Home News Idogen one of ten companies selected for field-leading event

Idogen one of ten companies selected for field-leading event


Idogen one of ten companies selected for field-leading event

7 February, 2023

Biotech company Idogen was invited to attend The Guthy Jackson Charitable Foundation’s “3rd Summit for NMOSD Tolerization” in Los Angeles on January 20-22. A total of ten companies from Europe and the US were invited, all with the goal of curing autoimmune diseases by restoring immune tolerance. The focus of the event was the autoimmune disease Neuromyelitis Optica Spectrum Disorders (NMOSD).

Idogen is a biotech company in Lund that develops tolerogenic cell therapies to create tolerance when the immune system has been unwantedly activated. The company’s main focus right now is patients with hemophilia A who have developed antibodies against factor VIII treatment. The goal of Idogen’s cell therapy program IDO 8 is to induce tolerance so that the patient can regain the effect of the FVII treatment.

The company’s pipeline also includes two other therapeutic areas – tolerance to avoid organ rejection in kidney transplantation (IDO T), and tolerance treatment of severe and rare autoimmune diseases (IDO AID).

Tolerogenic cell therapy for autoimmune diseases

Autoimmune diseases are a large group of diseases in which the body is attacked in various ways by its own immune system. The goal of IDO AID is to counteract the unwanted activation of the immune system by reprogramming it to tolerate specific antigens, i.e., the molecules that provoke the immune reaction. This “reset” is expected to stop the disease-causing immune reaction.

Today, autoimmune diseases are treated with immunosuppressive drugs that suppress the entire immune system, which in turn can be problematic, with unwanted side effects as a result. Idogen’s cell therapy has the potential to reduce or eliminate the need for immunosuppressive drugs.

The Guthy Jackson Charitable Foundation

Recently, Idogen’s treatment principle was acknowledged by The Guthy Jackson Charitable Foundation (GJCF), an American non-profit foundation that focuses on research and development in Neuromyelitis Optica Spectrum Disorders (NMOSD).

This is a rare autoimmune disease that causes pain in the eyes and visual impairment due to inflammation of the optic nerve, as well as impaired sensation and paralysis in the legs and arms due to inflammation of the spinal cord. Other parts of the central nervous system can also be affected, such as the brainstem and the brain. NMOSD can sometimes be mistaken for MS as the two diseases share many symptoms.

The purpose of GJCF is to support and gather research to increase understanding of the pathogenesis, improve diagnostics and treatment, and find a cure for the disease. The organisation started 15 years ago and has since contributed to great progress in the field through global collaborations.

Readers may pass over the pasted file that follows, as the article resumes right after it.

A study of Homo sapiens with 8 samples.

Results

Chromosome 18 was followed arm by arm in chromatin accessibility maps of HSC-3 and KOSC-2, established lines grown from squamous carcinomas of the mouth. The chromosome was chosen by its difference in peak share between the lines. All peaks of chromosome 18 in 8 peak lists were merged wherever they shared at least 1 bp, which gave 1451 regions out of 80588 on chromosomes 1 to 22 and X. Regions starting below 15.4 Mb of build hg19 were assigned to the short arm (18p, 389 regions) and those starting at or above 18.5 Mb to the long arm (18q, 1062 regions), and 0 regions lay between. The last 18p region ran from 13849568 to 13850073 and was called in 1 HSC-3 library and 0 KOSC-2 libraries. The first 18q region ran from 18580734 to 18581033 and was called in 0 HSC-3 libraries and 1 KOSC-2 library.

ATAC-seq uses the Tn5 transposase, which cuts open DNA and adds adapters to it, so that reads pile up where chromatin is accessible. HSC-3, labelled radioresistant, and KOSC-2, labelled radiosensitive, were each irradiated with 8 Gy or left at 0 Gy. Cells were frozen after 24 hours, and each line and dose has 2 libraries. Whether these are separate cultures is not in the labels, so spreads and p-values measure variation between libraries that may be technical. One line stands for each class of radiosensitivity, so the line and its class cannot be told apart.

Idogen one of ten selected companies for worldleading event in California

On January 20-22, GJCF hosted the 3rd Summit for NMOSD Tolerization at the University of California, Los Angeles. The event brought together 15 world-leading key opinion leaders and experts in NMOSD and immunotolerance. In addition, 10 companies were invited to present their technologies aimed at restoring immune tolerance to cure NMOSD. Idogen was one of the companies that were invited, which they recently commented on in a press release:

»We were honored to be invited to this field-leading event of the GJCF. Idogen sees this invitation as a recognition of Idogen’s emerging cell therapy-based technology platform that has potential for use to tolerize NMOSD and perhaps other autoimmune diseases« – Christina Herder, acting CEO

Well-defined antigen – important for Idogen’s method

Particularly the AQP4-positive disease form is of interest because of its well-defined antigen, which is important for the development of Idogen’s cell therapy. Idogen uses monocytes from the patient’s blood, as well as the company’s tolerance inducer in combination with a specific antigen, to develop so-called tolerogenic dendritic cells. The only change that is needed when switching to a new disease is the change of antigen.

In addition to NMOSD, Idogen has identified several autoimmune diseases where there is a well-defined antigen and where the immune reaction is T-cell-driven, i.e., where there is potential for IDO AID. The focus will primarily be on rare diseases with the possibility of orphan drug designation as it provides regulatory and cost benefits.

The initiated clinical study “Toler8” within the IDO 8 program has the potential to clinically validate the technology platform for a range of autoimmune diseases, with NMOSD as natural next step.

The content of BioStock’s news and analyses is independent but the work of BioStock is to a certain degree financed by life science companies. The above article concerns a company from which BioStock has received financing.